John L. Berk, MD: So Dr Polydefkis, at Johns Hopkins Medicine, how often are the orthopedic surgeons actually sampling a little bit of retinaculum with Congo red staining?
Michael J. Polydefkis, MD: Historically, it wasn’t done very much. But increasingly, it’s a topic of discussion. Some orthopedic surgeons are now doing that, but not all. Building on what Jim was saying, this is a very variable disease. So it’s difficult to come up with a prototypical case. Some patients may have prominent heart manifestations, prominent neuropathy, or all of the above. So it’s very variable and that can make it a challenge at the early stages.
John L. Berk, MD: And what are your 2 favorite signals of familial polyneuropathy?
Michael J. Polydefkis, MD: I think a family history is really helpful. You have to dig deep sometimes. It’s not always just a family history of neuropathy. You also want to ask about cardiac disease, unexplained death, cardiac death, arrhythmias. Sometimes people develop neuropathic symptoms, and it’s not labeled as peripheral neuropathy. It might get mislabeled as motor neuron disease or a mysterious wasting disease. So I think delving into the family history can be helpful. And then, as Jim alluded to, carpal tunnel syndrome. And not just unilateral but bilateral, presenting in a person 50 or 60 years of age, is a big red flag or clue.
John L. Berk, MD: Akshay, you’re involved in clinical trials of cardiomyopathy. You have a lot of experience in hereditary cardiomyopathies. We’ve talked very briefly about issues of penetrance that people who are anticipated to have clinical disease, because they’re genotypically positive for a particular disease, do not always express. Could you give us some perspective, from your cardiomyopathy expertise, on whether family histories are reliable in distinguishing familial versus sporadic disease?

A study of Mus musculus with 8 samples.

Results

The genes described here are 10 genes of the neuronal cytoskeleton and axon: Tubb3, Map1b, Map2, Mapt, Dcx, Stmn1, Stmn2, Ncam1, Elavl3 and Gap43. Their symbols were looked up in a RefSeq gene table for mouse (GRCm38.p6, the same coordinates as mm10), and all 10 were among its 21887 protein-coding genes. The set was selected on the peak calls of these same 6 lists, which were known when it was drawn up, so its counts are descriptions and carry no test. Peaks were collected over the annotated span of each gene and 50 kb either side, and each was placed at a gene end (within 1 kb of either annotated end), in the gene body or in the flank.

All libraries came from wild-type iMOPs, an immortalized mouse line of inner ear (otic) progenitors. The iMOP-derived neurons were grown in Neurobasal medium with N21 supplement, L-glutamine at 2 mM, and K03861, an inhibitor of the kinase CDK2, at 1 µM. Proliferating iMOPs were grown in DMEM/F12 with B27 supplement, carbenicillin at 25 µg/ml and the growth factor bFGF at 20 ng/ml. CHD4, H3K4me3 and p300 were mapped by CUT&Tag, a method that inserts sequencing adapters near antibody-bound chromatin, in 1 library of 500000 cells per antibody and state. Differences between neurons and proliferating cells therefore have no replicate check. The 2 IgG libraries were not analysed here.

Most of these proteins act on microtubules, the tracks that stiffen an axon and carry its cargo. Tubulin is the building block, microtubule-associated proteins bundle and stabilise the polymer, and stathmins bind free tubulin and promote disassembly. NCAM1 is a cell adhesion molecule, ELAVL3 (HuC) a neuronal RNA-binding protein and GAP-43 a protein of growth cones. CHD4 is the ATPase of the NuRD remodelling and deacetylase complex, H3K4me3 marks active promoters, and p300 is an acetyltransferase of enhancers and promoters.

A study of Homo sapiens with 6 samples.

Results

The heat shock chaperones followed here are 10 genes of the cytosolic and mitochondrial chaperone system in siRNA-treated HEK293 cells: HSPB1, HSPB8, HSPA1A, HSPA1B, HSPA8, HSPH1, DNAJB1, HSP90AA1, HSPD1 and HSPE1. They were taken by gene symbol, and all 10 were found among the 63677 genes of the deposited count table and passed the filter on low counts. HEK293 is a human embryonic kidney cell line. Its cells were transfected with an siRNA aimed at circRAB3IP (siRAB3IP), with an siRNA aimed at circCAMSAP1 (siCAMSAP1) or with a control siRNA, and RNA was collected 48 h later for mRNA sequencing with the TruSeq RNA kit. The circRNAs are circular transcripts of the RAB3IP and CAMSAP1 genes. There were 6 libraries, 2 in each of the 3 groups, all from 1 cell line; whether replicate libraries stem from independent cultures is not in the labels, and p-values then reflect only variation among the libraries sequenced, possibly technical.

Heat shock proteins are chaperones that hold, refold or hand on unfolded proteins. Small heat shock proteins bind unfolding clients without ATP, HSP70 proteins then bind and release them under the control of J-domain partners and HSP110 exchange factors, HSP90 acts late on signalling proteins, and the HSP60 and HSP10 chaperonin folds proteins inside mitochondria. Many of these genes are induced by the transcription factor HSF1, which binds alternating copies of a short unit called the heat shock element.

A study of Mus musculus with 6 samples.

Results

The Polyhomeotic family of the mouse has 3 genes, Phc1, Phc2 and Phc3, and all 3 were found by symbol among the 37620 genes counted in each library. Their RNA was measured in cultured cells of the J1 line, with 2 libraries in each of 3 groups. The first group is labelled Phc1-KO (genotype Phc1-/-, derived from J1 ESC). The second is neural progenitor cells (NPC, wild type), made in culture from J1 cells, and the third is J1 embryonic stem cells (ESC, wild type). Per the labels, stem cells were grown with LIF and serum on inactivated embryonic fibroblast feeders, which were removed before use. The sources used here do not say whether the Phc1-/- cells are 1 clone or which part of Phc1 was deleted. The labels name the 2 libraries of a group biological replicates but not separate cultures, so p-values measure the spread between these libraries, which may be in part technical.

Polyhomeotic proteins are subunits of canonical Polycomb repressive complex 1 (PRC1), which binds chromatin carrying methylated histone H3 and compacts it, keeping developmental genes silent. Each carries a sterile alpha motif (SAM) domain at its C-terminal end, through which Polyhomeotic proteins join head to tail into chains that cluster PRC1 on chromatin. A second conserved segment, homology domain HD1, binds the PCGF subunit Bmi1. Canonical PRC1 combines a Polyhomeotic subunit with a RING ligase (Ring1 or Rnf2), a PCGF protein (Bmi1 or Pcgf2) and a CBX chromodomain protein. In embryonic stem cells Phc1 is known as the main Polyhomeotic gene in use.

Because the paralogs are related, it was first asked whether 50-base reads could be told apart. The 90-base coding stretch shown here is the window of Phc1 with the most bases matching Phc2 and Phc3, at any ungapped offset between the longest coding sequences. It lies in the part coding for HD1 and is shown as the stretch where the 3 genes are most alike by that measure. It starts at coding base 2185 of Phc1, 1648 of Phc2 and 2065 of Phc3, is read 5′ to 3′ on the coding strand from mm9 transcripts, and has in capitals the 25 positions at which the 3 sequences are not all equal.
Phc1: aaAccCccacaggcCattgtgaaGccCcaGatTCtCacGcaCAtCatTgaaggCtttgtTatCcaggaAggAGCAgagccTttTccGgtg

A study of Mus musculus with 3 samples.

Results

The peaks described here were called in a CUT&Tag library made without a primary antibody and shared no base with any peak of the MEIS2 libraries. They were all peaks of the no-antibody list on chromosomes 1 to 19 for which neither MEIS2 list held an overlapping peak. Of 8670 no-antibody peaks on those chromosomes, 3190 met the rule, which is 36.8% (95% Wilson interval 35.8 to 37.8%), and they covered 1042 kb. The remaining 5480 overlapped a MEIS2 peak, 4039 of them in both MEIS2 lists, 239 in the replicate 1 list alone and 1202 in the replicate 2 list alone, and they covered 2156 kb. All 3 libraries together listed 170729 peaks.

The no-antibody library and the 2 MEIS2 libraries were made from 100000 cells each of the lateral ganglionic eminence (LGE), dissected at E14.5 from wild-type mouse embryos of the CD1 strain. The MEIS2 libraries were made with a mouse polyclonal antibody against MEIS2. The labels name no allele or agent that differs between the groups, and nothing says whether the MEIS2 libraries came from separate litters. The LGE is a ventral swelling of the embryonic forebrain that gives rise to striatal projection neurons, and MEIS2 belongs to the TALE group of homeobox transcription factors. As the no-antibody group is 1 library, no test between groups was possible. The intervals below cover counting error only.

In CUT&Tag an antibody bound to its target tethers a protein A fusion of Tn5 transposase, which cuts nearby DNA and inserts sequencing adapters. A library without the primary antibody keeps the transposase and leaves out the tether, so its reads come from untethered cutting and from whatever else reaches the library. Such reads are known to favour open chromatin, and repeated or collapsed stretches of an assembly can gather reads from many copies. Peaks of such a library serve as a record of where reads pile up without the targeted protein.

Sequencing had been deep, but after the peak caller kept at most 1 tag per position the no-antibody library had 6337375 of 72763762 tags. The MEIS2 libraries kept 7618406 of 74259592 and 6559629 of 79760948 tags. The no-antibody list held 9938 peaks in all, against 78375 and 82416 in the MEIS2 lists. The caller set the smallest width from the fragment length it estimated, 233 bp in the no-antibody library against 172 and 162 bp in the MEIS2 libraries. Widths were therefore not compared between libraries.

Akshay S. Desai, MD, MPH: Well, for the reasons that Michael outlined, I think family history, although we can acknowledge it’s important, is always a little bit challenging. Not all patients recollect the details of family history. I think one has to be alert, as was outlined, to some of the things that would raise suspicion for cardiac disease—for example, segregating in the family. Unexplained death is a nice flag, because sometimes those deaths are sudden and might have been described as cardiac disease in a time where there may not have been deliberate diagnostic efforts made.
I think, also, sometimes a history of device utilization, because conduction disease might be a manifestation of this problem in the heart. I think that would be helpful. So if somebody needed a pacemaker at middle age or had arrhythmias at middle age, that would be something to at least consider. I think the challenge with this disorder is that there is variable penetrance and not every carrier is, therefore, affected over a lifetime. We have some data from large community cohorts in which populations at heightened risk—for example, African American patients carrying this amyloidogenic variant, V122I, have been followed over time. In that population, which represents maybe 3% to 4% of the total population of patients in the cohort of African Americans in the study, the patients who carried the mutation were certainly at heightened risk for development of some cardiac manifestations and particularly heart failure later in life, much more so than the noncarriers.
And so it’s clear that there is something concerning about carrying the mutation, but the actual clinical penetrance of the cardiac phenotype, even in patients at high risk for development of that, is not complete and may be less than 50% by the age of 70 or 80. So it’s a bit hard to know exactly who, in front of you, carrying a variant, is going to develop cardiac manifestations. The family history is a clue but is not always obtainable, and I think we have to kind of be mindful that just carrying the gene doesn’t necessarily imply that you’ll go on to develop the problem.